Brittany Allen
October 19, 2014 7:00 am

One crafty GIF-er on the world wide web has recently made a project of re-inventing classic works of art — in particular, a 1961 Norman Rockwell painting called The Connoisseur. The original image depicts a man regarding a piece of (stationary) abstract-expressionism:

And here’s the modern twist: via the tumblr, The Gif Connoisseur, the subject of Rockwell’s original piece is transported through a kind of museum-time-vortex. . .replete with zany, moving images. From the Lichtenstein-y.. .

To the Rohrschach-esque.

This lovable, modern madness has shed light on a new phenomenon: artsy GIFs. Did you know that there’s a whole nascent industry out there dedicated to enlivening historical works of art with animation? What about the slew of new media artists who are creating illustrations specifically designed to be enjoyed as GIFs? Just in case you were in the mood to look at a bunch of cool, flickering, not-quite-photos but can’t make it to your local art museum today, consider the Internet’s latest contribution to the zeitgeist: artistic GIFs, re-inventing everything from the old-school to the new.

David Szakaly is a Hungarian/German graphic designer who’s been creating abstract, Escher-like GIFs since 2008. His cyclical, video-game-like work was clearly designed with the Internet world in mind:

The artist found his niche while experimenting in Macromedia’s Flash, and continues to boggle distracted minds with his visions. If you’re having a particularly hazy Saturday (or meditative Monday morning), you might consider gazing into this bold, alarming abyss.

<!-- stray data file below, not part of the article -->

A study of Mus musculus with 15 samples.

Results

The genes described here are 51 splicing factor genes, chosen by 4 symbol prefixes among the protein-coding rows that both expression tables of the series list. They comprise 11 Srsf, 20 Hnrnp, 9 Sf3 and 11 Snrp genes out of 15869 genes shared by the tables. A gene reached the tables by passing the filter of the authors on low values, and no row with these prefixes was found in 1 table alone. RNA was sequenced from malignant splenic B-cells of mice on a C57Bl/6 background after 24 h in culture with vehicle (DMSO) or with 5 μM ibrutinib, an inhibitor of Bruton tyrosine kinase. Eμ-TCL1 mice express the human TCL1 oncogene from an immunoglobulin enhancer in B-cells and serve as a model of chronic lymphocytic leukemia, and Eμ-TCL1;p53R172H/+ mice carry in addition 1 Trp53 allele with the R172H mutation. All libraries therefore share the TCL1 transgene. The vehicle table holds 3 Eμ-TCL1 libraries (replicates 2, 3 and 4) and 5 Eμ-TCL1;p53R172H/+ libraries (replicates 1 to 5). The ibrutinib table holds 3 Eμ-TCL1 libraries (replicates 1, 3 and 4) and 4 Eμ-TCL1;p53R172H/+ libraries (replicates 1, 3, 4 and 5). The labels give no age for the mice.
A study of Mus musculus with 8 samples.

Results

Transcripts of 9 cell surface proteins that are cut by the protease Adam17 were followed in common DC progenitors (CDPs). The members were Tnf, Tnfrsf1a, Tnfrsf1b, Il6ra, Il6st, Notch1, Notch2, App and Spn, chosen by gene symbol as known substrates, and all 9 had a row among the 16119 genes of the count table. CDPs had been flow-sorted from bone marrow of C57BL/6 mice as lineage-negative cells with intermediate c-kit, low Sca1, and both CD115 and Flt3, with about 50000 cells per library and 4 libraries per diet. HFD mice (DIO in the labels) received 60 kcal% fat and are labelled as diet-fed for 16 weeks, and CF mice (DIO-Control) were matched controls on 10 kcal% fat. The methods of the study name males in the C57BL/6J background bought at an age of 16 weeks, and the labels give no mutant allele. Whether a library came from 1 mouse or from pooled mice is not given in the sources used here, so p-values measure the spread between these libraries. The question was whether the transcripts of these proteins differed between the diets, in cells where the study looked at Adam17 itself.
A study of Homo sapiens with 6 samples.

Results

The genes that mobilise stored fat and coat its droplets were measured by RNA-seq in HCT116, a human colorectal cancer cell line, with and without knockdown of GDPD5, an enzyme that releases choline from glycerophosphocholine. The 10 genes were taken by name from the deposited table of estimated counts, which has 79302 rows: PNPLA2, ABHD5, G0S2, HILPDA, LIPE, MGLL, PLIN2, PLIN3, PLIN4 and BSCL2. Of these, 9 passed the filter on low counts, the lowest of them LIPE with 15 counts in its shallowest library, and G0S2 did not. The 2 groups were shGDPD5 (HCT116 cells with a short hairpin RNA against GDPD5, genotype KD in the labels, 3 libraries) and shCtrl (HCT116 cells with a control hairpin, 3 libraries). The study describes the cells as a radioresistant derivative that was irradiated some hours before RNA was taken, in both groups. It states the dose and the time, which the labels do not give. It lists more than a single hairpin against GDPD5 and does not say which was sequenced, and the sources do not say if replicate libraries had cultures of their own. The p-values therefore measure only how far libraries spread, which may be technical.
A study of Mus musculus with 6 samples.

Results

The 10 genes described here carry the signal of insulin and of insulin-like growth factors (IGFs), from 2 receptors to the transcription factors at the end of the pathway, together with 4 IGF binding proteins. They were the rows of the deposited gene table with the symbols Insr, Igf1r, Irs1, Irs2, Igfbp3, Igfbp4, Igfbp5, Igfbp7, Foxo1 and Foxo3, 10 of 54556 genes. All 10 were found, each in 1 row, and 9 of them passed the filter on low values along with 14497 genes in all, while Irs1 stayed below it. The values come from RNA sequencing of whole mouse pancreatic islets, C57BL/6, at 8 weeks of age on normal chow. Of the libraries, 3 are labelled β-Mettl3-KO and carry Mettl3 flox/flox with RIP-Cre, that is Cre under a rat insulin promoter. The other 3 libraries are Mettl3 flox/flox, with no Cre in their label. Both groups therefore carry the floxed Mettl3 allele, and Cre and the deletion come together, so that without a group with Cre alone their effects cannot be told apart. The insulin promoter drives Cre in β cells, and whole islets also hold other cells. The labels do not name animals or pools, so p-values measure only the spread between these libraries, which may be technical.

Then, of course, there’s the more classic, clever spin on the painted GIF. One crafty user made a flashy homage to Magritte’s famous painting of a dude and his apple, 1946s “The Son Of Man.”

Other designers aim to put a cheekier spin on the old greats. Like Rasalo, a multimedia GIF-maker who’s known for adding a cartoonish element to famous paintings. See his jokey rendering of da Vinci’s “Vitruvian Man.”

Another tech-y crafter added some sensual moves to a BANKSY installation. This one’s especially neat given the whole this-piece-of-art-is-actually-3D thing:

On the humor front, teams like the animating trio Doug Bayne, Ben Baker and Trudy Cooper have successfully satirized some famous paintings with tiny animations like these:

Other artists have made a project of adding motion to art works where motion was already implied. Take this windy adaptation of Van Gogh’s “Starry Night.”

Or this stilted, appropriately puppet-like rendering of “The Great Wave of Kanagawa Hokusai.”

There’s also this frantic, colorful combination of several Andy Warhol “Marilyn” silk-screens. Note: one can easily imagine a bumpin’ EDM underscore to this image. Call this a “going-out-toniiiight-GIF.”

And somewhere between satire and world-building sit the artists who’ve attempted to translate an original painting’s spirit into new motion. Like this totally goofy, ping-pong themed ode to Piet Mondrian’s color block images. The original piece really lent itself to this kind of Tetris animation.(FYI, the second artist called this GIF, “Pongdrian.”)

On that note, here’s a semi-terrifying interpretation of Picasso’s “Guernica.”

And finally, there are those modern day illustrators who craft elaborate, breathing, not-so-still life images for your GIF-y pleasure — in other words, artists who just happen to use GIFs as their medium. The Russian-based Uno Moralez illustrations, for instance, look like what could have happened had Salvador Dali been asked to draw all the panels of The Far Side.

The Brooklyn-based comic artist Rebecca Mock has a knack for the slightly off-kilter home scene:

And Sachin Teng‘s vivid, moving panels hover somewhere between the cartoonish and the old-school:

Thank you, Internet. For giving us access to an entirely new form of art, and a fresh way of looking at the classics. We’re totally digging it.